1641. KIRKSTALL FORGE COMPANY, THE, Leeds, and 35 Parliament Street, Westminster, S. W.

Naylor's single or double action steam hammer.

Obtained Prize Medal for railway wheels and axles, Class 5, Exhibition, 1851; also Honourable Mention, iron and steel, Class 1.


The valuable improvements developed in these hammers, also the great advantages and capabilities which they possess over all others that have hitherto been invented, are the following:—

STEAM HAMMERS which have hitherto been constructed involve the same general principle of being lifted by steam pressure, and falling by gravity, the effect of the blow being dependent on the weight of the hammer, multiplied by the height of its fall.

The greater the distance it falls, consequently the greater the force of the blow, the slower is the speed of working. The great practical drawback to the more extended application of steam hammers, has been the impossibility of obtaining sufficient speed or quickness of stroke.

The advantages of the DOUBLE-ACTION STEAM HAMMER for forging are its being capable of working up to 200 strokes per minute (when required), which is from three to four times faster than any steam hammer hitherto constructed. The power can also be more than doubled, instantaneously, and as rapidly altered. The adjusting valve gearing also allows of instantly changing the length of stroke, and force of blow, by altering the position of the sliding wedges.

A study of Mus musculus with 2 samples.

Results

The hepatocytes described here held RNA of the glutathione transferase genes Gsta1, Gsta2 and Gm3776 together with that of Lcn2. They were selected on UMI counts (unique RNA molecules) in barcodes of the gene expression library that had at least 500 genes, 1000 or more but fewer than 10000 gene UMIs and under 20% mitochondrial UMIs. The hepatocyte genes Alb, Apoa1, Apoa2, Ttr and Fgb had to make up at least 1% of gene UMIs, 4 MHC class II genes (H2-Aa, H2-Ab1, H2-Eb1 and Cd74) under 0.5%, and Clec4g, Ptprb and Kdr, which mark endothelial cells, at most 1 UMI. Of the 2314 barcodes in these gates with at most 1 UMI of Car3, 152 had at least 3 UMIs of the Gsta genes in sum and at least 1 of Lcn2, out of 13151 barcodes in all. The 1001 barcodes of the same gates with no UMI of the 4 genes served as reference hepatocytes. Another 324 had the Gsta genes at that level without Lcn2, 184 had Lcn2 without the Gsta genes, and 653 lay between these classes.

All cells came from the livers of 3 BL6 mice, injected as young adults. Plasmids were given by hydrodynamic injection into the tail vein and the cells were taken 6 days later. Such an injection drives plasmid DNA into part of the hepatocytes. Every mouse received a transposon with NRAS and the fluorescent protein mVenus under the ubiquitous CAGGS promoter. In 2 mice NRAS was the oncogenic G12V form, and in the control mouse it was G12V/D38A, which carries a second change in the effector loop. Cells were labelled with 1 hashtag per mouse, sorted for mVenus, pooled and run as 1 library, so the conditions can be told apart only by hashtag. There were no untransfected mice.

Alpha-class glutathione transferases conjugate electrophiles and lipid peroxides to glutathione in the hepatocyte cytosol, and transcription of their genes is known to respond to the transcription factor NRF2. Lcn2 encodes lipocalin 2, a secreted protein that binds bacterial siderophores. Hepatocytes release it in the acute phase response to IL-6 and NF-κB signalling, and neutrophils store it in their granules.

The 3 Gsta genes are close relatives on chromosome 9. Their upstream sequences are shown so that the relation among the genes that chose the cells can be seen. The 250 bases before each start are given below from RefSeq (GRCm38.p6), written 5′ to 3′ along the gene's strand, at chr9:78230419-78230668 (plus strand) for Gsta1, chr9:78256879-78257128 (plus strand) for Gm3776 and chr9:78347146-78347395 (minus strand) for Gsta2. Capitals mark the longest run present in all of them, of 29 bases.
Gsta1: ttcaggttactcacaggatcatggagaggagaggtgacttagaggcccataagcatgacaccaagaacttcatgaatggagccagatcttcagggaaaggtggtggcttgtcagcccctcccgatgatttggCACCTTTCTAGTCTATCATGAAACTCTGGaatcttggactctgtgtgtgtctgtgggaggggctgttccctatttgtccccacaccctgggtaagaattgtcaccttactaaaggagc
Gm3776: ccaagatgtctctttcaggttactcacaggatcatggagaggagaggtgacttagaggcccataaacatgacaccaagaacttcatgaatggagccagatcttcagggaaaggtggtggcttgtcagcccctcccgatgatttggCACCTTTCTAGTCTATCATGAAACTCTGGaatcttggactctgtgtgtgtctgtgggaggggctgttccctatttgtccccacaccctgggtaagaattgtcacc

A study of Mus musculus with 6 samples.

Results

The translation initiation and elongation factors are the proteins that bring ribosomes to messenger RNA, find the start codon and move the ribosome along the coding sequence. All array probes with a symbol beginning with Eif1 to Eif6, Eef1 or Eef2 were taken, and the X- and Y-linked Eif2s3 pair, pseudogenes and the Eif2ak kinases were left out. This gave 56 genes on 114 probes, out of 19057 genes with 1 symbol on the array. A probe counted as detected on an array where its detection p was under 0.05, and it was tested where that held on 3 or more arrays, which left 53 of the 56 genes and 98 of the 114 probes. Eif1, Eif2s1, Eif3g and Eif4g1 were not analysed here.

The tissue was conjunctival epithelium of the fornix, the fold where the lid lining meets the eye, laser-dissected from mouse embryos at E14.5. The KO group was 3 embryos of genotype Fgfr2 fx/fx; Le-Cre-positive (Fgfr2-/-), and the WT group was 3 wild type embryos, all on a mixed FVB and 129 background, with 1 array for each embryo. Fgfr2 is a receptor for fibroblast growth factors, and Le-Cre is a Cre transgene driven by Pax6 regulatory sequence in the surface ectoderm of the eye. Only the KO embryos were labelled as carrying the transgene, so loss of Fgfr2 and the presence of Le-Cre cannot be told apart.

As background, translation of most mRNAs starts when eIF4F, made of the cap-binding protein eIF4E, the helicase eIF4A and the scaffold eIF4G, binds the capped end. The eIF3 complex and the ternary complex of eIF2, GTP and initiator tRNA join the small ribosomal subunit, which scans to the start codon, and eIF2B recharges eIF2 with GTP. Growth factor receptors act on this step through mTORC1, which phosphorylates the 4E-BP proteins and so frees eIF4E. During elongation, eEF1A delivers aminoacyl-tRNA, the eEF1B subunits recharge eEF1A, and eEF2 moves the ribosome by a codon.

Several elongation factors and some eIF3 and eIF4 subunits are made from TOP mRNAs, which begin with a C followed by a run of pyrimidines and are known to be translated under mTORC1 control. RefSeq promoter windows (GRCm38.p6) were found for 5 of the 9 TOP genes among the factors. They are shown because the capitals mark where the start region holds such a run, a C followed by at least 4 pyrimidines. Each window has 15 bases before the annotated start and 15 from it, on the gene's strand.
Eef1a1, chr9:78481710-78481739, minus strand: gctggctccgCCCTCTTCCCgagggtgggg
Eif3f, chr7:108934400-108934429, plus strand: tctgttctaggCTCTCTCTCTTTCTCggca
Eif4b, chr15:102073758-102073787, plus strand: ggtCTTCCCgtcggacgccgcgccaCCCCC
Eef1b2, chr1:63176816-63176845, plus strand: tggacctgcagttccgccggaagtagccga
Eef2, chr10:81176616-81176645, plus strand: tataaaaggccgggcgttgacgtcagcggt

It is completely under the control of the hand gear, which is easy to work in any position. The rapidity of the stroke obtained by it is particularly advantageous for forgings requiring a great number of blows, by finishing the work at one heat, and saving both the fuel required: for the second heat and the deterioration and waste of the iron.

This principle of hammer is also adapted for riveting wrought-iron bridges, girders, ship-building, etc.